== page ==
My mother only made mincemeat pies at Thanksgiving. She used mincemeat from a jar but there wasn’t any meat in it.
Originally, mincemeat WAS made with meat and included spices, dried fruit and spirits (alcohol). That way, mincemeat could be preserved for many years. I’ve never seen mincemeat in stores with any meat in it, but it’s probably sold somewhere.
RECIPES FROM 1800s COOKBOOKS
MINCE MEAT PIES
These pies are always made with covers and should be eaten warm. If baked the day before, heat them on the stove or before the fire. Mincemeat made early in the winter and packed close in stone jars will keep till spring if it has a sufficiency of spice and liquor. Whenever you take out any for use, pour some additional liquor into the jar and add some more sugar before you cover it again. No mincemeat, however, will keep well unless all the ingredients are of the best quality. The meat should always be boiled the day before you want to chop it. For pie, cover the bottom of a pan with paste,* put in a sufficiency of mincemeat and lay on it a lid of paste to completely cover, notching the edges tightly together. Cut a slit in the top before baking.
*paste is pie crust
TO MAKE MINCEMEAT FOR PIES
Boil either calves or hogs’ feet till perfectly tender and rub them through a colander. When cold, pass them through again, and it will come out like pearl barley. Take one quart of this, one of chopped apples, the same of currants, washed and picked, raisins stoned* and cut, a cup of good brown sugar, some suet nicely chopped, some cider, and a pint of brandy. Add a teaspoon of pounded mace, one of cloves, and one of nutmeg and mix all these together thoroughly. When the pies are to be made, take out as much of this mixture as may be necessary. To each quart of it, add a teaspoon of pounded black pepper and one of salt. This greatly improves the flavor and can be better mixed with a small portion than with the whole mass.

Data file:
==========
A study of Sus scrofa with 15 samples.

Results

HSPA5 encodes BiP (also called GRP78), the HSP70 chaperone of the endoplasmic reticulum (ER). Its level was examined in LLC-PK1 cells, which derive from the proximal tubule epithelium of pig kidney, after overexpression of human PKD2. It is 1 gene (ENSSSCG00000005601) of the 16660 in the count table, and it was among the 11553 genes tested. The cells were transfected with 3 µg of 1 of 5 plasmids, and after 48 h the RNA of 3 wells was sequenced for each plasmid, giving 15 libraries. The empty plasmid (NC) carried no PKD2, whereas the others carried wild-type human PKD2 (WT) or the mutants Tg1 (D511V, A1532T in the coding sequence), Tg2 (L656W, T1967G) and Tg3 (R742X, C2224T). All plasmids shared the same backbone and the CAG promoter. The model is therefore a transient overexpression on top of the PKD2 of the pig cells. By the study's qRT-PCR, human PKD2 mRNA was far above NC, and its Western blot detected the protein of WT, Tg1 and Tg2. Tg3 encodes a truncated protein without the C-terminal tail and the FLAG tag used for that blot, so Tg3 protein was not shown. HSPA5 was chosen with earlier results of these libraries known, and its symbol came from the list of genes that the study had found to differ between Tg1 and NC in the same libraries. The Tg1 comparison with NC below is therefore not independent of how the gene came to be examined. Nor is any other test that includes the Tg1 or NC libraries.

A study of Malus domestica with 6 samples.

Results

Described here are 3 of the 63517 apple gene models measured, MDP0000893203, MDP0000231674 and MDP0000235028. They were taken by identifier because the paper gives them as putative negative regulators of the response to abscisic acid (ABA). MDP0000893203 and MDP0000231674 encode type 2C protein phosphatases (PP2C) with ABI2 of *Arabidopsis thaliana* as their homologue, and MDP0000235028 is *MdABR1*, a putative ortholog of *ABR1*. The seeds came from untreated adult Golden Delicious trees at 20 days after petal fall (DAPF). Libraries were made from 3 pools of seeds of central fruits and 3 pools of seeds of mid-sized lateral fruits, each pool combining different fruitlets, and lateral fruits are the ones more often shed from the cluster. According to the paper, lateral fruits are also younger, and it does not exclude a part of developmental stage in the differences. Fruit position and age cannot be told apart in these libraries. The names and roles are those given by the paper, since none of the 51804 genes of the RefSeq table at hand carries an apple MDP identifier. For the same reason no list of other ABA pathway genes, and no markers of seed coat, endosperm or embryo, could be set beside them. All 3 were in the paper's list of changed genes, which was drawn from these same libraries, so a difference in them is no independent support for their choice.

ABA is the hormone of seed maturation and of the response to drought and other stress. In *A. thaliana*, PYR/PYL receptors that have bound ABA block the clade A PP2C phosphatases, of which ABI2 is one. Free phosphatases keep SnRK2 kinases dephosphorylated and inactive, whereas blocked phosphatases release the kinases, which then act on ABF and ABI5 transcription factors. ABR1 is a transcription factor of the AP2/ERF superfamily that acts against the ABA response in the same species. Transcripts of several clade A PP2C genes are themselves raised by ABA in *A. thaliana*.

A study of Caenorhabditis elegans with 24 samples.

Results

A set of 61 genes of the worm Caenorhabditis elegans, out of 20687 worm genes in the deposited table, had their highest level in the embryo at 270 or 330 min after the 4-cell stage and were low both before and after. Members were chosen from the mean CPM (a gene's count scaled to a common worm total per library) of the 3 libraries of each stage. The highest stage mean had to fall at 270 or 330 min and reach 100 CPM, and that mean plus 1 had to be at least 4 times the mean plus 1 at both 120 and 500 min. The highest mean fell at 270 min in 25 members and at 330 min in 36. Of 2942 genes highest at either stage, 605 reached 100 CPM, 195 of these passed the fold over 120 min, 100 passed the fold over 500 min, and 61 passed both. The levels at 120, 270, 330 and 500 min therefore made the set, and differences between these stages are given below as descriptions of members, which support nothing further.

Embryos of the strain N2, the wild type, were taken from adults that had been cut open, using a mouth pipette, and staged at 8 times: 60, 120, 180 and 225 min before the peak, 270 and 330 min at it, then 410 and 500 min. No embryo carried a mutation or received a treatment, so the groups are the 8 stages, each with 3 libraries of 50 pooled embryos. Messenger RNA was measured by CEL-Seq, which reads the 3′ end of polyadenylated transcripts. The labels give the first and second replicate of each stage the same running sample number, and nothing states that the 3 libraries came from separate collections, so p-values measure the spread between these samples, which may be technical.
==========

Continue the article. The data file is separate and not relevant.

*stoned – raisins were sold with the seeds (stones) still in them
MINCE PIES NOT SO RICH
Take four pounds of beef after it has been boiled and chopped, one of suet, two of sugar, two of raisins, and four of chopped apples. Mix these together with a pint of wine and a pint of cider to make it thin enough, and season to your taste with mace, nutmeg and orange peel. If it is not sweet enough, put in more sugar. Where persons are not fond of suet, use butter instead, and stew the apples instead of using so much cider.
VERY PLAIN MINCE MEAT
Take a piece of fresh beef consisting of about two pounds of lean and one pound of fat. Boil it and when it is quite cold, chop it fine. Pare and core some fine juicy apples, cut them in pieces, weigh three pounds, and chop them. Add four pounds of raisins and chop them also. Add a large tablespoon of powdered cloves and the same quantity of powdered cinnamon, and a pound of brown sugar. Mix all thoroughly, moistening it with a quart of sweet cider. You may also add the grated peel and the juice of an orange. This mincemeat will do very well for children or for family use, but is too plain to be set before a guest. Neither will it keep so long as that which is richer and more highly seasoned. It is best to make no more of it at once than you have immediate occasion for.
MINCE PIES WITHOUT MEAT
Pare, core, and mince six pounds of apples. Shred three pounds of fresh suet,* and stone three pounds of raisins minced. Add to these, a quarter of an ounce each of mace and cinnamon, and eight cloves, all finely powdered. Then three pounds of the finest powder sugar, three quarters of an ounce of salt, the rinds of four and the juice of two lemons, half a pint of port, and half a pint of brandy. Mix well together, and put the ingredients into a deep pan. Prepare four pounds of currants, well washed and dried, and add them to the top when the pies are made, with some candied fruit.
* suet – the raw fat of beef or mutton, so technically it’s not meat.
You can use mincemeat for recipes other than pies. Here’s a recipe for mincemeat cookies from Epicurious.com.
Do you make mincemeat pies for Thanksgiving or Christmas? Have you ever made your own mincemeat?